UMass Amherst Offers Series of How-to Articles and Video Blog for First-time and Seasoned Gardeners This Summer

‘Growing Your Own Food with Franco and Beto’ features herb- or vegetable-a-week
Frank Mangan
Frank Mangan

AMHERST, Mass. – As families find themselves at home and looking for activities to do together outdoors this summer with coronavirus cautions in place, many are trying vegetable gardening for the first time, not only for the enjoyment and fresh air but to grow healthy and nutritious food.

To help, a team at the University of Massachusetts Amherst’s Stockbridge School of Agriculture and UMass Extension led by extension professor of vegetable crops Frank Mangan has launched a series of web-based how-to articles to cover the entire growing season. His doctoral student, Heriberto Gody-Hernández, publishes a weekly version in Spanish. In addition, there is a weekly English-language garden blog video update.

Mangan says, “I know there has been a large surge in interest in growing your own food, and as the land-grant institution for Massachusetts we feel this is one way to give back. Each week we highlight a specific vegetable or herb along with information on other components of growing vegetables, such as soil fertility, watering and pest management.”

Various extension educators in soils, vegetable pests and other topics contributed to the UMass Extension Home Lawn and Garden Resources website, which offers fact sheets and other research-based information on how to grow specific vegetables and herbs appropriate for Massachusetts, Mangan says.

In the garden video blog, “Franco’s Garden,” Mangan tours his own large garden and updates what’s going on each week. “It can give viewers a sense of what to expect, how the garden is organized and any problems I run into that may help them,” he adds.

The tour introduces information on not only peas, peppers and tomatoes, but beets, bok choy, radishes, broccolini, cilantro, parsley, spinach, arugula and more. Among other features, Mangan shows evidence of pests and disease and demonstrates how to build pea ladders for climbing varieties. He also makes a basket-weave string trellis for supporting tomato plants, for example.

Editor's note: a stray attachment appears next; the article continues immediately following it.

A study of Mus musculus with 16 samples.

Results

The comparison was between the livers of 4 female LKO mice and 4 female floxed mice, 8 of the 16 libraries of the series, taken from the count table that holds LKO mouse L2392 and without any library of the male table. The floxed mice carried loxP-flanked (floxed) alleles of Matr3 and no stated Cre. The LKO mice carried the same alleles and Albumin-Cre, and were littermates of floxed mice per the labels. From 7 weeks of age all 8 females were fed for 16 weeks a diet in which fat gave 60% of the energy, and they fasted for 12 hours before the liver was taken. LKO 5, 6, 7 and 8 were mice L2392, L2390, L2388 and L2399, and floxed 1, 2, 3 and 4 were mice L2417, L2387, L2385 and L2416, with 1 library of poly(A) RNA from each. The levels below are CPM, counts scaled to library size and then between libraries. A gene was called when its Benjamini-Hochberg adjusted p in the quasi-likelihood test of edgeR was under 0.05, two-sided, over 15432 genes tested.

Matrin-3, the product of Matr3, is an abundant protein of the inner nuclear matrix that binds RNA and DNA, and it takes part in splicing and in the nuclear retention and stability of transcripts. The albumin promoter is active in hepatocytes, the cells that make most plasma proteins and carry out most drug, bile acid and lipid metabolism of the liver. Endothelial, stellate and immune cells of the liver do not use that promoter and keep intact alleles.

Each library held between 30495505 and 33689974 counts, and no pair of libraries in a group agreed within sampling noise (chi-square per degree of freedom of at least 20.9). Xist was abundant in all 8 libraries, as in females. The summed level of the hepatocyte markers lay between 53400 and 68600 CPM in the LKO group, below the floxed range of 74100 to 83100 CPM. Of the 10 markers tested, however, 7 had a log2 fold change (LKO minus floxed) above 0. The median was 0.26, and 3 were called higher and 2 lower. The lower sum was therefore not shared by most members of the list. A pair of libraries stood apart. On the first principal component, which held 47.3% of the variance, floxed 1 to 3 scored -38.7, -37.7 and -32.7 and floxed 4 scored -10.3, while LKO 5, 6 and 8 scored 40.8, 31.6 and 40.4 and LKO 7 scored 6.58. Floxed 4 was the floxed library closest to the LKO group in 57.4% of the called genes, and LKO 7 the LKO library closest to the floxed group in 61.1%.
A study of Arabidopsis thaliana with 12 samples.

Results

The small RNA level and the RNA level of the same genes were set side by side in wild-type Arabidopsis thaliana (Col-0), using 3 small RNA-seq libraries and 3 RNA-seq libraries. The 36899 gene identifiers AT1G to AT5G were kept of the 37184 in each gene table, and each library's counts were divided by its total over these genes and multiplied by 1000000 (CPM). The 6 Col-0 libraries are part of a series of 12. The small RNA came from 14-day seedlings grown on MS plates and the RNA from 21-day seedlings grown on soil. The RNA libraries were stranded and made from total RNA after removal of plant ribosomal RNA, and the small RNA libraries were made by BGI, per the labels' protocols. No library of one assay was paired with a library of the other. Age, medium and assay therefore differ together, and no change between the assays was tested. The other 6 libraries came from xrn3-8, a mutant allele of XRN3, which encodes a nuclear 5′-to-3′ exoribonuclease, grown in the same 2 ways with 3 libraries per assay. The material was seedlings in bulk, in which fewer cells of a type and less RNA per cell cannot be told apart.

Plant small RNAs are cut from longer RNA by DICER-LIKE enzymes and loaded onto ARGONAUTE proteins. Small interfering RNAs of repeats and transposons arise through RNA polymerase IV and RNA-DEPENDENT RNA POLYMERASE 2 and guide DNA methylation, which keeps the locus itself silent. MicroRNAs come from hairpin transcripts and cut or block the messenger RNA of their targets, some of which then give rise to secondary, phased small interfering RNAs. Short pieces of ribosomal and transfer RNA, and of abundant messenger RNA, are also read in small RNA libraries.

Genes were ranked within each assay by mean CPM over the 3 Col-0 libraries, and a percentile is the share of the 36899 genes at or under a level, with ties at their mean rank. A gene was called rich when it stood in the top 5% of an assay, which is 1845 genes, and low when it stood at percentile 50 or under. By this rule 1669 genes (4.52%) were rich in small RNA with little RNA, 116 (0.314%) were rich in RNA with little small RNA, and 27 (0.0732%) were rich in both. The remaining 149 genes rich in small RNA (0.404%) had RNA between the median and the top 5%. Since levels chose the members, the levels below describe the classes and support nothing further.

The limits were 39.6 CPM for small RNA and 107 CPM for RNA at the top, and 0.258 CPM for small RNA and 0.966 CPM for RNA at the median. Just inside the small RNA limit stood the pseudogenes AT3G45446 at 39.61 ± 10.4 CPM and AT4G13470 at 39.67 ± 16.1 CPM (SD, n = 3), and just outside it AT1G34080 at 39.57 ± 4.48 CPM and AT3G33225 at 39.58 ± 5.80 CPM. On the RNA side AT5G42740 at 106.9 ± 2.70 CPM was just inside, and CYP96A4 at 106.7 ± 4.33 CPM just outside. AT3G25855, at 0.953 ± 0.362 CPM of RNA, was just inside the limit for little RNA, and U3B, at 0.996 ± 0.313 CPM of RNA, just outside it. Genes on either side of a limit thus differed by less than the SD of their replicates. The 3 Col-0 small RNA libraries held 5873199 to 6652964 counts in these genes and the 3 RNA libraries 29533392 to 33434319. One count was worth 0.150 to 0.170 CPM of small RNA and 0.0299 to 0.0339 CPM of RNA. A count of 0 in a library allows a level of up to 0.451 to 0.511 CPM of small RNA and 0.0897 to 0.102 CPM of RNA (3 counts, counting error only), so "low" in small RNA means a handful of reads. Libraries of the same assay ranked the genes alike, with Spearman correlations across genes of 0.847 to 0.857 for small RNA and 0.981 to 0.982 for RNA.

He and Gody-Hernández call the series “Growing Your Own Food with Franco and Beto” after their nicknames. Mangan explains, “As part of this series, we provide historical and cultural information on each vegetable and herb we cover. The overwhelming number of vegetables and herbs we grow in Massachusetts originated in other parts of the world and were domesticated for production here. So far, we have covered peas and spinach, both from Eurasia, tomatoes and peppers, both from tropical parts of the Americas.”    

Among the tutorials offered is, “Where to Start When Growing Your Own Vegetables and Herbs Outside: SOIL!” It points out that vegetables benefit from healthy soils, with optimum soil organic matter, nutrients and the appropriate soil pH. It includes instructions for how to get soil tested. Other articles discuss the cultural significance of vegetables, herbs and tomatoes, and garden water management.

A recent weekly entry in the “featured vegetable series” was the cool-season crop, peas. Legumes that originated in the Mediterranean and Near East were domesticated through Eurasia and brought to the Americas by immigrants. Three types of pea are grown in New England and may be dwarf, tall or climbing varieties.

Other featured vegetables to date have been tomatoes, spinach and peppers. Pepper varieties and types popular to grow in Massachusetts are listed in a table divided into sweet bell, green to red; sweet bell, green to yellow; sweet Italian and cubanelle as well as by heat hot ancho, hot cherry, hot banana, hot jalapeno, and miscellaneous hot.